On September 25, 2015, the Centers for Medicare and Medicaid Services (CMS) issued a pre-publication copy of the Clinical Laboratory Fee Schedule (CLFS) proposed rule. The proposed rule restructures payment rates for clinical diagnostic laboratory tests (CDLTs) and advanced diagnostic laboratory tests (ADLTs) beginning on or after January 1, 2017. Under the proposed rule, CMS would impose new data collection and reporting requirements for applicable laboratories, and new CLFS payment rates for CDLTs and ADLTs would equal the weighted median of private payor rates for each test as reported. CMS proposes to apply a civil monetary penalty to any applicable laboratory that fails to submit required reports.

 Highlights of the proposed rule include:

  • Data Collection Period. Under the proposed rule, data collection for 2015 encompass the period between July 1 and December 31, 2015. Data reporting will subsequently run from January 1, 2016 through March 31, 2016. CMS will use the collected data during these time periods to determine CLFS payment rates for years 2017-2019.
  • New Methodology for Determining Medicare Payment Rates. Payment for CDLTs furnished on or after January 1, 2017 would be equal to the weighted median of private payor reimbursement for each test, based on data reported by applicable laboratories during the data collection period. New ADLTs would be reimbursed at their “actual list charge” amount during an initial three-quarter period. CMS defines “actual list charge” as “the publicly available rate on the first day the new ADLT is obtainable by a patient who is covered by private insurance, or marketed to the public as a test a patient can receive, even if the test has not yet been performed on that date.” However, once the initial three-quarter period has passed, payment for ADLTs will be determined in accordance with the weighted median private payor rate.
  • Phase-In Payment Reduction. The proposed rule recommends a phase-in payment reduction in order to effectuate Section 216(a) of the Protecting Access to Medicare Act of 2014 (PAMA), which mandates that the payment amount for a test cannot drop more than ten percent (10%) as compared to the previous year. For example, if an existing test under the CLFS for calendar year (CY) 2016 has a payment rate of $20.00, but the weighted median private payor rate calculated during CY 2016 is $15.00, the CLFS payment rate for the test would be $18.00 (representing the maximum ten percent (10%) reduction). The following year, a ten percent (10%) reduction would equal $1.80, lowering the payment to $16.20, and so continues until the fee schedule payment meets the weighted median private payor rate.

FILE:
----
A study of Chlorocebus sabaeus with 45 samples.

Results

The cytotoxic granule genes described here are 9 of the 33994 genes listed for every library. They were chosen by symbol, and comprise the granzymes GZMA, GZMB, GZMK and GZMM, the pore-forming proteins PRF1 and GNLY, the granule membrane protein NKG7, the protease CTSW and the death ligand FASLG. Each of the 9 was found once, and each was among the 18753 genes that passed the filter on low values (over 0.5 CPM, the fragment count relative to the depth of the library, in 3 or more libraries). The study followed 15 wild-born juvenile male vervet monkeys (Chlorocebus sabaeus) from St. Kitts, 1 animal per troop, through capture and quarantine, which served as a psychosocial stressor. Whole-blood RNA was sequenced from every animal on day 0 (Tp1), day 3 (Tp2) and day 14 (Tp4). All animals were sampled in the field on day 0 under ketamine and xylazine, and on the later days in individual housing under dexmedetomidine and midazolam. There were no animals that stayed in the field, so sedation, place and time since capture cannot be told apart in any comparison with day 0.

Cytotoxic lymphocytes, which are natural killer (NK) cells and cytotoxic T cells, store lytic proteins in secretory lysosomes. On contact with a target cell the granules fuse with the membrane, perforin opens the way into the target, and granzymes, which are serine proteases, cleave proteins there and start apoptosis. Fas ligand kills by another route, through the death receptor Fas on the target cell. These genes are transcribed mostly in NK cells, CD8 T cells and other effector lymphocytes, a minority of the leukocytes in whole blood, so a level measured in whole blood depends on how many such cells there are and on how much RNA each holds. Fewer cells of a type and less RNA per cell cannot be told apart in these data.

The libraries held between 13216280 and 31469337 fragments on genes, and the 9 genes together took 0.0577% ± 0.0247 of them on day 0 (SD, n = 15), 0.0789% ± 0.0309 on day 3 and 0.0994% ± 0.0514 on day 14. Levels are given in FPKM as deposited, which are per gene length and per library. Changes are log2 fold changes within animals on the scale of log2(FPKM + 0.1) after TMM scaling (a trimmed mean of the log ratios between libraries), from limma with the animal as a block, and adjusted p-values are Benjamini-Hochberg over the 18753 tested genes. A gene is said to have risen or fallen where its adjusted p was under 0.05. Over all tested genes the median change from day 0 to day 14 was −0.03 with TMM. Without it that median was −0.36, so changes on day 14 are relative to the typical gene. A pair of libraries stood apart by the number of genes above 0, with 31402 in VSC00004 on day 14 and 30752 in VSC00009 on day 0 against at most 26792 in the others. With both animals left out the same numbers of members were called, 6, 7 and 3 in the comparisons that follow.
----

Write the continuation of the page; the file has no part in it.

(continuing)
•  Applicable Laboratory Defined. “Applicable Laboratories” to which reporting and payment adjustment requirements would apply are defined as laboratories that receive a majority of Medicare revenues from the CLFS or the Physician Fee Schedule (PFS). For an entity that is composed of multiple facilities—and where at least one laboratory meets the Clinical Laboratory Improvement Amendments (CLIA) definition of laboratory—CMS will consider this laboratory to be an applicable laboratory where the entire organization receives greater than fifty percent (50%) of its total Medicare revenues from payments under the CLFS or PFS. CMS also reserves the right to establish a low volume or low expenditure threshold for excluding a laboratory from the definition of applicable laboratory—as proposed, CMS suggests excluding a laboratory if it receives less than $50,000 in revenues per year on the CLFS.
  •  Applicable Information Defined. “Applicable Information” to be reported under the proposed rule includes: (1) the payment rate paid by each private payor (i.e., a health insurance issuer or group health plan, Medicare Advantage Plan under Part C, or Medicaid managed care organization) for each CDLT during the prior 12-month data collection period, and (2) the volume of each such test for each payor during the specified data collection period. The payment rate must reflect all discounts, rebates, coupons, and other price concessions. Notably, where an applicable laboratory has more than one payment rate either from the same payor or from different payors for the same test, the applicable laboratory must report all payment rates and volumes. Applicable information must be reported to CMS every three (3) years for CDLTs and every year for ADLTs. Failure to report and/or misrepresentations or omissions in reporting could result in civil monetary penalties up to $10,0000 per day.
  •  Advanced Diagnostic Laboratory Test Defined. “Advanced Diagnostic Laboratory Test” is defined to mean a CDLT covered under Medicare Part B that is offered and furnished only by a single laboratory and not sold for use by a laboratory other than the original developing laboratory, and which meets one of the following criteria: (1) the test is an analysis of multiple biomarkers of DNA, RNA, or proteins combined with a unique algorithm to yield a single patient-specific result; (2) the test is cleared or approved by the FDA; or (3) the test meets other similar criteria established by CMS. CMS formulated a special definition for ADLTs because CMS believes section 1843A of the Social Security Act is intended to afford special payment status to laboratories who are expending resources in all aspects of the test.

The Proposed rule will be published in the Federal Register on October 1, 2015. CMS will solicit comments on the Proposed Rule until November 25, 2015: A pre-publication copy of the Proposed Rule is available here.